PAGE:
Batteries are fully charged and discharged during the inspection process at the Wittenberg plant. Image: Tesvolt.

Production of commercial energy storage systems has begun at Tesvolt’s new 255MWh annual capacity factory in Wittenberg, Germany, with staff working in isolation due to the risk of COVID-19 infection.

Semi-automated production started up today, the company said in a release emailed to, with the 12,000 m² of floor space able to produce up to 1MWh of systems a day. One key step in the production process is the semi-automation of full cycling of batteries before they go into Tesvolt’s storage systems. This means batteries are fully charged and discharged and thoroughly checked, then inspected on a fully-automated line. Also worth noting is that Tesvolt’s battery cell supplier, Samsung SDI, is up and running to produce and ship from its South Korea factories.


“In production itself, meanwhile, employees are still at work but isolated from one another. We’re lucky that production is continuing at our battery cell supplier Samsung SDI in Korea.”

COVID-19: ‘Spirit of solidarity, creativity, flexibility and ingenuity’ is required

At an interview in mid-2019. Tesvolt managing director and co-founder Daniel Hannemann had told that it was part of the company’s strategy for reasons including quality control to have a sole supplier for battery cells – as well as for inverters, for which the company is tied with SMA. The company uses prismatic lithium NMC cells of the type found in electric cars, but is not planning to enter the e-mobility market, Hannemann said in that interview last year.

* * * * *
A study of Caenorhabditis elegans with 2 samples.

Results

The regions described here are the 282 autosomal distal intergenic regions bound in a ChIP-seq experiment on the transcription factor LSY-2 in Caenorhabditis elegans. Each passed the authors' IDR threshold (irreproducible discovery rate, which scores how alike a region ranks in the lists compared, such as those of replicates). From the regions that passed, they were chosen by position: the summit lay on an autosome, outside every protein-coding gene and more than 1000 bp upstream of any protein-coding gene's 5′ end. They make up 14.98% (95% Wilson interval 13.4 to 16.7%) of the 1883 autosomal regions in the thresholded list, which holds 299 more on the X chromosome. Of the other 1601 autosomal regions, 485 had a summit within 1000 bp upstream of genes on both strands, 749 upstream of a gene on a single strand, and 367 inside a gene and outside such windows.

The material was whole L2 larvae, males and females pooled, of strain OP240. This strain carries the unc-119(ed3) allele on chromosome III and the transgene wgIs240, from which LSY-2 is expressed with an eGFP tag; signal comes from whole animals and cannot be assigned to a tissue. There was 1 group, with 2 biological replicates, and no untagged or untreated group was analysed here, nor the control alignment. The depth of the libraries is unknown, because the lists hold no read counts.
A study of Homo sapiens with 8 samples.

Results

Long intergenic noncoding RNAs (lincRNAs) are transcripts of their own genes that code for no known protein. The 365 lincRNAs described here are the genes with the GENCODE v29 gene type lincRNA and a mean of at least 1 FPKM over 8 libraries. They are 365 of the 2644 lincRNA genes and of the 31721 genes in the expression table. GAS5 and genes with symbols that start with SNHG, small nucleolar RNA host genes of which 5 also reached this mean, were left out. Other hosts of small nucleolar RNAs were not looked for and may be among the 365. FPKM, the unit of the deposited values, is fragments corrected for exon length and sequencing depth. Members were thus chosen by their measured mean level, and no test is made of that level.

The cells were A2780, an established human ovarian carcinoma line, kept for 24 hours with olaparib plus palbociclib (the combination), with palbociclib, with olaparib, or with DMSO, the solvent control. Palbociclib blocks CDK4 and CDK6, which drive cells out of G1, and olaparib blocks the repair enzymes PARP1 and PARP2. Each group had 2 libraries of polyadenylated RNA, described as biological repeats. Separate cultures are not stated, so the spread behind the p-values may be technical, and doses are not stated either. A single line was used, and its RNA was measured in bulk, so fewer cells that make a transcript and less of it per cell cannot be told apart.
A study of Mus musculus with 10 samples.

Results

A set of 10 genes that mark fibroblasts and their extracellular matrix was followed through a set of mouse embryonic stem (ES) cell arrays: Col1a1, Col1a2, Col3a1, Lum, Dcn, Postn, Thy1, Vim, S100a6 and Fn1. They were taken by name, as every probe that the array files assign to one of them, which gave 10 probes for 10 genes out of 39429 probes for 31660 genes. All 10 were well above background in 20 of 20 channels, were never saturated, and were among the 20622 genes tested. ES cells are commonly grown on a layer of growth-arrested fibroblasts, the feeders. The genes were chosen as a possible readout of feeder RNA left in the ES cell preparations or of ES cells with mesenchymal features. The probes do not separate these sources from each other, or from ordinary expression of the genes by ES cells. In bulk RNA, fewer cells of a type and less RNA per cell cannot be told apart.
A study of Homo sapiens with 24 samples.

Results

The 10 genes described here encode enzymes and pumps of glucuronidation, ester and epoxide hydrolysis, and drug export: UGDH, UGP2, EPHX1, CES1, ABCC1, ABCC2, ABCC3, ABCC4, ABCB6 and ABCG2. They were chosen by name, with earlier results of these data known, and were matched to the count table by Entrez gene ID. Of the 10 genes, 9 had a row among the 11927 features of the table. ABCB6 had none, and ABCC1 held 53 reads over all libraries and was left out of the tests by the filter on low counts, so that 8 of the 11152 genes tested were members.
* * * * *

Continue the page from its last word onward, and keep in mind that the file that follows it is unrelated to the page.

Tesvolt said that order volumes have almost trebled year-on-year for this quarter and will seek to gradually add capacity. Managing director Hannemann said in a statement today however that, like everybody else, Tesvolt is not yet sure “how demand will change in light of the coronavirus crisis”.

“We want to work closely with our customers to overcome these new challenges in a spirit of solidarity, creativity, flexibility and ingenuity,” Hannemann said.

The company has also put its roadshow series for installers and partners online, as well as training and other webinars, quickly setting up a recording studio so it could switch from face-to-face to virtual format. 

Tesvolt playfully describes the newly opened facility as Europe’s “first gigafactory for commercial battery storage systems”, as it has the option of scaling up production with demand from its initial capacity to reach 1GWh annual output for the systems, which range from 9.6kWh into multiple megawatts. 

In contrast, for example, Tesla’s Nevada Gigafactory One can make more than two dozen megawatt-hours of battery cells as well as systems a year, and battery and battery storage gigafactories planned in Europe from the likes of Sweden-headquartered start-up Northvolt and EV battery company AKASOL are similarly in the multiple gigawatt range from their opening.

Nonetheless, those other gigafactories all address a much larger market segment that includes electric vehicles (EVs), making the Tesvolt facility among the most ambitious in scale for the sector it services. In May 2019, as it announced a “mutli-million” Euro investment had been made in production lines, Tesvolt also claimed the factory will be fully supplied by solar energy, including a 200kWp PV system to power offices and system production lines, paired with one of its own branded 350kWh Tesvolt energy storage systems.